Pain Post-Exercise: When Should I Be Concerned

You just got done with a particuarly grueling workout

Your muscles are responding the way you expected them to: by being sore. You know this one is going to require a substantial period of rest, maybe even an ice pack. Delayed onset muscle soreness (DOMS) is a ubiquitous feature of the post-exercise period and it is important to take note of its severity. While low-grade DOMS remains manageable and should not be worried about, more pronounced soreness in the muscles is a sign of actual muscle damage. Soreness, swelling and inflammation can be dealt with usually natural methods of pain management, but make sure to listen to your body if it is telling you something is wrong. In more extreme cases, DOMS can be an indicator of permanent muscle damage. This blog is designed to help you know when to worry about pain after exercise.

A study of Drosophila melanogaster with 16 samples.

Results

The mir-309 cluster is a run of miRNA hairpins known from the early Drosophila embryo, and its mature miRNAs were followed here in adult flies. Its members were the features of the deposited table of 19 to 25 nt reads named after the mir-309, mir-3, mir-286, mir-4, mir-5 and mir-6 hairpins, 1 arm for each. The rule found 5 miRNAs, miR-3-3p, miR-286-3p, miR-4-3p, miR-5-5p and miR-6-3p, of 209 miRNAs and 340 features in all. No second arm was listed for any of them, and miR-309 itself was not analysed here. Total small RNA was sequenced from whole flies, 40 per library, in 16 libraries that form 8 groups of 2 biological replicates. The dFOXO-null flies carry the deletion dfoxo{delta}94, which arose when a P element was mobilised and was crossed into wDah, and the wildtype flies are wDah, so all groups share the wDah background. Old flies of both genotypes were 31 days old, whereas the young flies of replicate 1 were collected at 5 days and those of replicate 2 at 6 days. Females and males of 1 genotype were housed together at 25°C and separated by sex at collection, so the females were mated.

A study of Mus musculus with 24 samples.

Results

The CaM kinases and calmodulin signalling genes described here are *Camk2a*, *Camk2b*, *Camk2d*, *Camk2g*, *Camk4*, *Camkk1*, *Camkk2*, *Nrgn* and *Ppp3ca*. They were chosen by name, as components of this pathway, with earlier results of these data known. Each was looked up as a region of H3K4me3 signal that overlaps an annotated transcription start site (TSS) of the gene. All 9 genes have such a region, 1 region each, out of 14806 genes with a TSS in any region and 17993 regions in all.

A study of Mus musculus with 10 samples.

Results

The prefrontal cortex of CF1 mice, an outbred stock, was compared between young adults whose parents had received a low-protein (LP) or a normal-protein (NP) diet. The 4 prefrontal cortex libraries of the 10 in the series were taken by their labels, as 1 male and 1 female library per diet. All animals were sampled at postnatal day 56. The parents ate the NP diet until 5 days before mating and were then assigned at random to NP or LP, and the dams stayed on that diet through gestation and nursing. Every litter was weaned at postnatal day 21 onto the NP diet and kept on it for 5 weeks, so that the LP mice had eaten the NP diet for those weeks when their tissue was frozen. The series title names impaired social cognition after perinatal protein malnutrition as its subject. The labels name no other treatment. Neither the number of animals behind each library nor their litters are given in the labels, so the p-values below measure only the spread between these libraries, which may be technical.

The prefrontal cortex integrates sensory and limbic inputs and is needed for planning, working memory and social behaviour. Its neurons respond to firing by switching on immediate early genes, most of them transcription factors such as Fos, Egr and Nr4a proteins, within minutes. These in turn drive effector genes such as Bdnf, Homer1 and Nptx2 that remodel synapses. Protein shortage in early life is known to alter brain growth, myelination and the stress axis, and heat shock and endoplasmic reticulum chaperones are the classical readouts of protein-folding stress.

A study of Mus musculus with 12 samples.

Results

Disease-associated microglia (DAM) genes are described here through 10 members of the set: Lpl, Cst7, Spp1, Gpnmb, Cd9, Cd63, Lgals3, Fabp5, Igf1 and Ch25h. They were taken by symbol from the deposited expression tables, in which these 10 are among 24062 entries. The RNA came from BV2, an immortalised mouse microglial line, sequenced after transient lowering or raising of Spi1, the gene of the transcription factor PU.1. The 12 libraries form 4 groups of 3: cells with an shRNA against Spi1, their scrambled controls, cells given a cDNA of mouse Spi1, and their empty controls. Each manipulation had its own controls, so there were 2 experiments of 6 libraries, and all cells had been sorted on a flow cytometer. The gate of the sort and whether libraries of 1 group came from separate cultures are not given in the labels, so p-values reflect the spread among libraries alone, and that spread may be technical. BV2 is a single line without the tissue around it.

Signs that you’ve overdone it 

Keep an eye on your muscle if it feels unusually sore after a normal exercise. Here are some signs to look out for:

  • Pain that persists: given the right amount of rest and recovery, pain should decrease over time. If it persists for more than 3 days, you should check in with a doctor.
  • Pain that grows in intensity: pain should subside rather than grow. 
  • Bilateral pain: are both sides equally sore? If one side is disproportionately sore, it could indicate that damage has occurred on that side.
  • Weakness, tingling, numbness in muscle, surrounding area or extremity: indicates nerve damage.

Acute muscle injuries that result from exercise are best treated once we have a grasp of what is causing them. If you suspect that you’ve overdone it, don’t hesitate to give our office in Hackensack a call. We are specialists in diagnosing and treating musculoskeletal injuries and we want to help you today!